Choosing a sourceAnchor for Multi-Forest Sync with AAD Connect – Part 7, Migrating Users


This blog post series is based upon and tested with AAD Connect, December 2016 release, version 1.1.380.0. Future AAD Connect releases may alter behaviour or expose new features that render this series redundant. Test all deployment designs before production implementation.

Table of Contents

Part 1, Introduction

Part 2, Lab Setup

Part 3, An Aside on EmployeeID

Part 4, Using msDS-SourceAnchor

Part 5, Using mS-DS-ConsistencyGuid

Part 6, Moving off objectGuid

Part 7, Migrating Users

Changing Issuance Transform Rules for O365

If your Azure Active Directory tenant is federated with an on-premises federation service (AD FS for example), you’ll need to make one last configuration change before you migrate users. This final step is to ensure your O365 Relying Party Trust Issuance Transform Rule for ImmutableID uses the attribute you’ve chosen (msDS-SourceAnchor or mS-DS-ConsistencyGuid) instead of objectGuid.

I’ll provide an example using AD FS on Windows Server 2016 –

Open the AD FS Management console

In the left-hand pane, select Relying Party Trusts

In the central pane, right-click Microsoft Office 365 Identity Platform and select Edit Claim Issuance Policy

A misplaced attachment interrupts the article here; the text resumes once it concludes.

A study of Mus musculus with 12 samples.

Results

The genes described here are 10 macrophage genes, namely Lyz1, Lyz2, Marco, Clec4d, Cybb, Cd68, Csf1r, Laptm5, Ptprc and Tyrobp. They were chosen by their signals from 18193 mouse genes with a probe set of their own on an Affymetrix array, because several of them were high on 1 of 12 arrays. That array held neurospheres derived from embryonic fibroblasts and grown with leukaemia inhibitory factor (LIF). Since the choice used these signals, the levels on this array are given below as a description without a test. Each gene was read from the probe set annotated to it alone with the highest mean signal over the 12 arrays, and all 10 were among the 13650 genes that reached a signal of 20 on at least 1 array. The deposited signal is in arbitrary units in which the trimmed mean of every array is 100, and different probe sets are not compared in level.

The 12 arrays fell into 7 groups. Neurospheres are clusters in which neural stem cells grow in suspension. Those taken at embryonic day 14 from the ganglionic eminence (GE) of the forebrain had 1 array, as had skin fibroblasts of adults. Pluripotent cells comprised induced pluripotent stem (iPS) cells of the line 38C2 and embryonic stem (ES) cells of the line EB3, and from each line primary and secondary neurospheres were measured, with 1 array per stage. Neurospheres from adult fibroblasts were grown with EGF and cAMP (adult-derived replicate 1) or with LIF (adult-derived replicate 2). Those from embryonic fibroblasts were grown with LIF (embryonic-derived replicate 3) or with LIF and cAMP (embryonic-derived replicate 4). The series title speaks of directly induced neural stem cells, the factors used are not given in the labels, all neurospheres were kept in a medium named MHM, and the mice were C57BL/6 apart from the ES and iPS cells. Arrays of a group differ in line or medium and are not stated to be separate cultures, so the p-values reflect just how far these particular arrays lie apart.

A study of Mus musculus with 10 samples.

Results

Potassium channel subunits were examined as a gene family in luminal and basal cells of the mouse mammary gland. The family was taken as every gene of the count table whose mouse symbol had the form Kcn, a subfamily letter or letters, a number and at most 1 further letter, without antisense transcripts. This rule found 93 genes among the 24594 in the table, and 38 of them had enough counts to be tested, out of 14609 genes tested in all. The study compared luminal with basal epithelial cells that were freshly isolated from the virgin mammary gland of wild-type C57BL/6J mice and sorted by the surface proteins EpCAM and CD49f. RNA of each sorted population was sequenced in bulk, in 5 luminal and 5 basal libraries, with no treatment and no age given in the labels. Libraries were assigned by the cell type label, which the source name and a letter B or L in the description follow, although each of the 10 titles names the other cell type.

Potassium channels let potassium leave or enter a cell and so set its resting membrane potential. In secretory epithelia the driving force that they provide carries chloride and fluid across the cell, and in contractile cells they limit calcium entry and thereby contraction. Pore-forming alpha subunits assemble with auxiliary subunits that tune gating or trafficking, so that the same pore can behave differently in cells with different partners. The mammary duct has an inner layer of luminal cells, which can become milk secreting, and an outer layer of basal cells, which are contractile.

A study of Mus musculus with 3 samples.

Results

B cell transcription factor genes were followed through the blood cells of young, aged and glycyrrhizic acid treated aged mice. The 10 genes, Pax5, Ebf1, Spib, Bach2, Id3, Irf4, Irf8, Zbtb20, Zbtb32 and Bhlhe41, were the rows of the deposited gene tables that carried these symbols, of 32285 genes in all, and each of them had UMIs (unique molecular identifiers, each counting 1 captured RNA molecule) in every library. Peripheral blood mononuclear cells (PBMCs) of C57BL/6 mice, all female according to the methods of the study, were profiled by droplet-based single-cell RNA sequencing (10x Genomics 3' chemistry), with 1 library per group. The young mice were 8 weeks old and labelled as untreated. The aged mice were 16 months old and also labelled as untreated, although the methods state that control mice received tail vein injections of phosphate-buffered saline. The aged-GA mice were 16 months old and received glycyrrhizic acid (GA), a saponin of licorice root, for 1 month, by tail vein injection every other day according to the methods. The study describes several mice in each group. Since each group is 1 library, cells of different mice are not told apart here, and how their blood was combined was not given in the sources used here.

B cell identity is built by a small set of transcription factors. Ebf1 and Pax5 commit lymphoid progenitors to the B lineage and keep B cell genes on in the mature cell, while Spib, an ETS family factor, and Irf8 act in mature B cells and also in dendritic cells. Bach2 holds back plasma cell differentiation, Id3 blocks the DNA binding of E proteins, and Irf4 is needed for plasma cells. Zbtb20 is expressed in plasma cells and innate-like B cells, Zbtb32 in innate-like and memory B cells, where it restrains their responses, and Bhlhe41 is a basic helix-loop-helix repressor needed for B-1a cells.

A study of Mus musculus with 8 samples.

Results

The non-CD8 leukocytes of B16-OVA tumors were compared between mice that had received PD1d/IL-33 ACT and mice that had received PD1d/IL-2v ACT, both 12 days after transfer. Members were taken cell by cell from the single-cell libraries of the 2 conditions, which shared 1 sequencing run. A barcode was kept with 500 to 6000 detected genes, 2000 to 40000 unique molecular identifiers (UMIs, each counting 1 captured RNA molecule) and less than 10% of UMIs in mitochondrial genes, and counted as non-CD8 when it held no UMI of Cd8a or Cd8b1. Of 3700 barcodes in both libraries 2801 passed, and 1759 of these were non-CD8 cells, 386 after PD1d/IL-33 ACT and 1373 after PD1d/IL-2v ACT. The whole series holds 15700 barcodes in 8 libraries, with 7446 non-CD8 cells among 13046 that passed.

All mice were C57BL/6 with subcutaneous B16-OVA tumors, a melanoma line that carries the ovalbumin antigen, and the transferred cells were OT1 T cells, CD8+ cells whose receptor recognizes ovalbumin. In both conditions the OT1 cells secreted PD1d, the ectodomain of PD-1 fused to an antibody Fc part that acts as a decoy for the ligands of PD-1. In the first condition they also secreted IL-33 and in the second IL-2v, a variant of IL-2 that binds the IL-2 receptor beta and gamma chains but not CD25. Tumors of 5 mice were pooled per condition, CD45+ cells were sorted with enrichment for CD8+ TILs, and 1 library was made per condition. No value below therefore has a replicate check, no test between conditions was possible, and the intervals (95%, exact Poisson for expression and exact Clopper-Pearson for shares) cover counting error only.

c:[Type == "http://schemas.microsoft.com/ws/2008/06/identity/claims/windowsaccountname"]
 => issue(store = "Active Directory", types = ("http://schemas.xmlsoap.org/claims/UPN", "http://schemas.microsoft.com/LiveID/Federation/2008/05/ImmutableID"), query = "samAccountName={0};userPrincipalName,objectguid;{1}", param = regexreplace(c.Value, "(?<domain>[^\\]+)\\(?<user>.+)", "${user}"), param = c.Value);

Save the rule changes

Tools

I’m going to assume you’re using the Active Directory Migration Toolkit (ADMT). This is what I’ve tested with and can confirm works.

Migration Process

Here, I won’t be stepping through the use of ADMT. That’s not what I want to discuss. I just want to make the migration process clear so that you don’t lose any objects. Here we go –

  1. Keep the user objects you want to migrate between Forests in scope for AAD Connect synchronisation. By this I mean, leave it in an OU that AAD Connect is synchronising
  2. Migrate the users so that they are also in scope for AAD Connect synchronisation in the destination Forest – they should land in an OU that AAD Connect is synchronising
  3. Make an edit to a replicated attribute on the destination user object and validate that this shows up in the Azure Active Directory tenant after the next sync cycle (Description attribute for example)
  4. Move the object out of scope for AAD Connect synchronisation in the source Forest (and potentially delete/decommission it)

Example

I start with my synchronised users. I’m going to migrate forest2user over to forest1.com






Conclusion

This series has covered the proper use of a sourceAnchor for an AAD Connect deployment synchronising multiple Forests to an Azure Active Directory tenant. With the right configuration, user migration between Forests is successful without object duplication in the tenant.